Foer’s second is ‘extremely loud’
By Jordan Kroll
“Extremely Loud and Incredibly Close” is the story of nine-year-old Oskar Schell’s mission to discover the lock that goes with a key belonging to his father who died in the World Trade Center on September 11. Written by acclaimed author Jonathan Safran Foer (“Everything is Illuminated”), this novel is able to capture the spirit of a child while maintaining the ability to make the reader ask questions about an event many of us try not to think about.
Oskar goes on a journey throughout New York City’s five boroughs on his impossible quest and doesn’t necessarily come out of the search with a greater understanding of his father, as he’d hoped. Like many stories in which the protagonist embarks on some sort of journey with a specific goal in mind, Foer ensures that Oskar gets more out of his exploration, rather than simply reaching the destination. While a cliché concept in and of itself, Foer’s ability to create a reliable narrator out of an over-educated nine-year-old “inventor” and include small, yet poignant details throughout the text elevates what could be a predictable story of love, loss, and self-discovery into something more.
Intertwined with Oskar’s narrative is the tale of his paternal grandparents. It begins with how they met in Germany before World War II and progresses to present-day so that this story converges with Oskar’s. Although the way the story jumps around could be confusing and abrupt for some, it’s generally easy to follow and acts as another device employed by Foer to ensure that his novel is more interesting than most.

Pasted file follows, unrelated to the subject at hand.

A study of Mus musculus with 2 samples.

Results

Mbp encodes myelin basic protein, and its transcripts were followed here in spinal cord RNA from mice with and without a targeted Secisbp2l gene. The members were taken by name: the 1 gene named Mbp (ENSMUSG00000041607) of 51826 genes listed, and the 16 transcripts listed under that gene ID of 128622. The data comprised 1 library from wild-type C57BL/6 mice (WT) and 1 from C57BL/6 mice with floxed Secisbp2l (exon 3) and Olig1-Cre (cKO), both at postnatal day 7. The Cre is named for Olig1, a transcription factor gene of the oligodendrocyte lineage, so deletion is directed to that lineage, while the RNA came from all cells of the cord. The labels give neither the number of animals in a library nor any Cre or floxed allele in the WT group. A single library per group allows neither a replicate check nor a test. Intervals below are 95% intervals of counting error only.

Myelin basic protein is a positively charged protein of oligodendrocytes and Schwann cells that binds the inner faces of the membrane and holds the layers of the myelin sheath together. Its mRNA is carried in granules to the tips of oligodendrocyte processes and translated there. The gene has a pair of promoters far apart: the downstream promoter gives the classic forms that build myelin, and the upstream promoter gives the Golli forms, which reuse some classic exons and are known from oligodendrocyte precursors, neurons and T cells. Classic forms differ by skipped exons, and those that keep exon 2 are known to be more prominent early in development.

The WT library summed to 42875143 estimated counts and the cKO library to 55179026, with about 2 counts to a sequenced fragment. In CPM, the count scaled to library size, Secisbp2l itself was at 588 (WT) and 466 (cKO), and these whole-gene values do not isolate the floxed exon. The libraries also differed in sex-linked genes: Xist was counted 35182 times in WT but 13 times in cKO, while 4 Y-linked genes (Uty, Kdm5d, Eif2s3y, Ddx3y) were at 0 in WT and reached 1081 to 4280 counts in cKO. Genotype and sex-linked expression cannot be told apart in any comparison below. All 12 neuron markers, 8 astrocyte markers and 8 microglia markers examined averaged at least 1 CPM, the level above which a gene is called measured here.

Another unique method Foer uses to enhance this work is his inclusion of photographs, drawings, and different typefaces peppered throughout the book. Dubbed as a foray into “contemporary postmodernism,” these pictures provide readers with a deeper insight into the minds of the narrators. Often emotionally jarring, these pictures interrupt the text in a way that causes one to focus more on smaller details that may have been overlooked in the text itself. Some may consider Foer’s experimentation with imagery too gimmicky, but their presence doesn’t subtract from the overall story.
There are few well-done novels that revolve around September 11 because it is still “too soon” in many respects, but Foer is able to overcome that and create a sensitive and, at times, humorous account of how such a universal even affected one family so uniquely. Through likeable, distinct characters, a complex narrative, and interesting additions like pictures, Jonathan Safran Foer has guaranteed “Extremely Loud and Incredibly Close” a spot in the modern-day literary canon.